The time of the coronavirus forced us into a new relationship with the spaces of daily life. For me, they weren't those of a home, but rather of a plane or a train.
A sudden suspension of my inhabitancy gave birth to new relationships between space and time in a spasmodic search for the luogo dell’anima (soul’s space). Enclosed in our homes, the “walls of discovery” became unprecedented spaces where we saw objects that reminded us of ancient journeys into the world and moments lived in the past. We rediscovered music records that we had not listened to in a long time, and we consumed books that, perhaps, we had read thirty years ago, or that we had never even browsed through.
This new way of living—at home—put us in a new relationship with ourselves, reviewing (re-evaluating?) the notion of time, as the virus forced us to think more quickly and to live more slowly.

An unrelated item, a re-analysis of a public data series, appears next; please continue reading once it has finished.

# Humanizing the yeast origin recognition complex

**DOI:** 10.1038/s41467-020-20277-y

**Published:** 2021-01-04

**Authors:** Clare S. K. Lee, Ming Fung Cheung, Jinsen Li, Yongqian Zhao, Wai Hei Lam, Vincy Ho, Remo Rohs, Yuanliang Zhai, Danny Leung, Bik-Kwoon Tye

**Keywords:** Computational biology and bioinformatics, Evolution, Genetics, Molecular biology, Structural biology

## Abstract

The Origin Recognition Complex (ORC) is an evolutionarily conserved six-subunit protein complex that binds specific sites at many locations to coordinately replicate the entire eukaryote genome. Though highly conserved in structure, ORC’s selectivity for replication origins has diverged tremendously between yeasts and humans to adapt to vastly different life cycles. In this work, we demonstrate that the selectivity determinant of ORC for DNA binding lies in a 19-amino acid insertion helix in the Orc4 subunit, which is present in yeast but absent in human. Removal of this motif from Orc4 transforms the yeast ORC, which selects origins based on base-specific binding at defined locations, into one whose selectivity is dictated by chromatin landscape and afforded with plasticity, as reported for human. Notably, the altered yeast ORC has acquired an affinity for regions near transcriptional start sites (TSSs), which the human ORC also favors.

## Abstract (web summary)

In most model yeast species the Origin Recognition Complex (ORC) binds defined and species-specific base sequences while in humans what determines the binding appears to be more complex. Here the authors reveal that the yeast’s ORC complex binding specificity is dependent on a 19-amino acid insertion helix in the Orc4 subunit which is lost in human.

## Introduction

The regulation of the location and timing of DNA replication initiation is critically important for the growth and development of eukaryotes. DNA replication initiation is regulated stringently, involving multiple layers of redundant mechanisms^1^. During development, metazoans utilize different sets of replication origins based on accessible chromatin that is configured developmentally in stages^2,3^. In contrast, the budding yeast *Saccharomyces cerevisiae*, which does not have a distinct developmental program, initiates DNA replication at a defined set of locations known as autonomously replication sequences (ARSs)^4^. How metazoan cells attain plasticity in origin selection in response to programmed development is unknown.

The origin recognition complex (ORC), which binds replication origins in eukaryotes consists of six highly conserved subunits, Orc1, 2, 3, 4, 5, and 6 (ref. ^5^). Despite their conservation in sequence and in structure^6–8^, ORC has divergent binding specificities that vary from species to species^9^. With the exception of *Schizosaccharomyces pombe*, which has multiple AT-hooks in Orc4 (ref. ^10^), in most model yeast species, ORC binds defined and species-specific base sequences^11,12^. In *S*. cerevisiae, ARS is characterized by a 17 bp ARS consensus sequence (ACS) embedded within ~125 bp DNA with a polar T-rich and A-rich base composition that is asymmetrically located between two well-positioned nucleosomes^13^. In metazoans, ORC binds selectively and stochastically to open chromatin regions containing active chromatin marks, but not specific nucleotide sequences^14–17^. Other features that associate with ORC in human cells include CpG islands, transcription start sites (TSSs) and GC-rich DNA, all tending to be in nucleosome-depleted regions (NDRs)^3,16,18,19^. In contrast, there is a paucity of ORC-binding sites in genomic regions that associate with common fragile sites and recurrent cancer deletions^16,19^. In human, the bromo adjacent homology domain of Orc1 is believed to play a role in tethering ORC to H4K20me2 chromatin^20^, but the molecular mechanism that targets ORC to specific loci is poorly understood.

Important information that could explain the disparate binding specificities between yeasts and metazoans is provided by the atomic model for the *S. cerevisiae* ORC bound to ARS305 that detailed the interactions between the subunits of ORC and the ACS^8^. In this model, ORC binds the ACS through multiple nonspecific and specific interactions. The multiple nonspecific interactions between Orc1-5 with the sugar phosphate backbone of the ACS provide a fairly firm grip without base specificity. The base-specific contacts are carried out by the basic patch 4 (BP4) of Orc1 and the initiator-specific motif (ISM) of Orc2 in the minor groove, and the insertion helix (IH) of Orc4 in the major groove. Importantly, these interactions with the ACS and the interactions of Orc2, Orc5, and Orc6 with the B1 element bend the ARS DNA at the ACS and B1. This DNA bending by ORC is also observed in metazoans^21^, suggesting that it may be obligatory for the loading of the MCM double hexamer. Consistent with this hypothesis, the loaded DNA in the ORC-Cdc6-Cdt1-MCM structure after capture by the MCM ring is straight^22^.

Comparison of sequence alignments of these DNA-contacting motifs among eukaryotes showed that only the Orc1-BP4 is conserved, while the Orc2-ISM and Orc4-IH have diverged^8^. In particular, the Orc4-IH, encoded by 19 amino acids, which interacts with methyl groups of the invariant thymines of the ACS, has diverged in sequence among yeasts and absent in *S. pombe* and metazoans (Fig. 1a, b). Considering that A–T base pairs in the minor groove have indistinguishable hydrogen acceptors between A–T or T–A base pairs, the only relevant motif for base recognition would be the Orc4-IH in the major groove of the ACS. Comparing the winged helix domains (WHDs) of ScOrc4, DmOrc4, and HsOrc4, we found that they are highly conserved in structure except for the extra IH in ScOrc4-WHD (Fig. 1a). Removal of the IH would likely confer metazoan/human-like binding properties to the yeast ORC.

A reflection on the present and on the future can only be faced by those who have been able to live this fleeting and suspended time intensely.
The prime space was that of the beginning of March of last year, when we, musicians, would go out on the balconies at 6 p.m. to play for the Italians. We had a need to identify a new distance that was not only that from home to home, from window to window, but, specifically, a renewed relationship among people intent on sharing as many emotional spaces.
An unimagined creative suspension has expanded time as well as ideas. In the attempt to communicate an equal planetary suspension that becomes human, it has reminded us of the smallness of the world and of the human beings who inhabit it.
*Tempo e relazione is the title of a musical composition created by the Italian pianist and composer Giorgio Gaslini in 1957.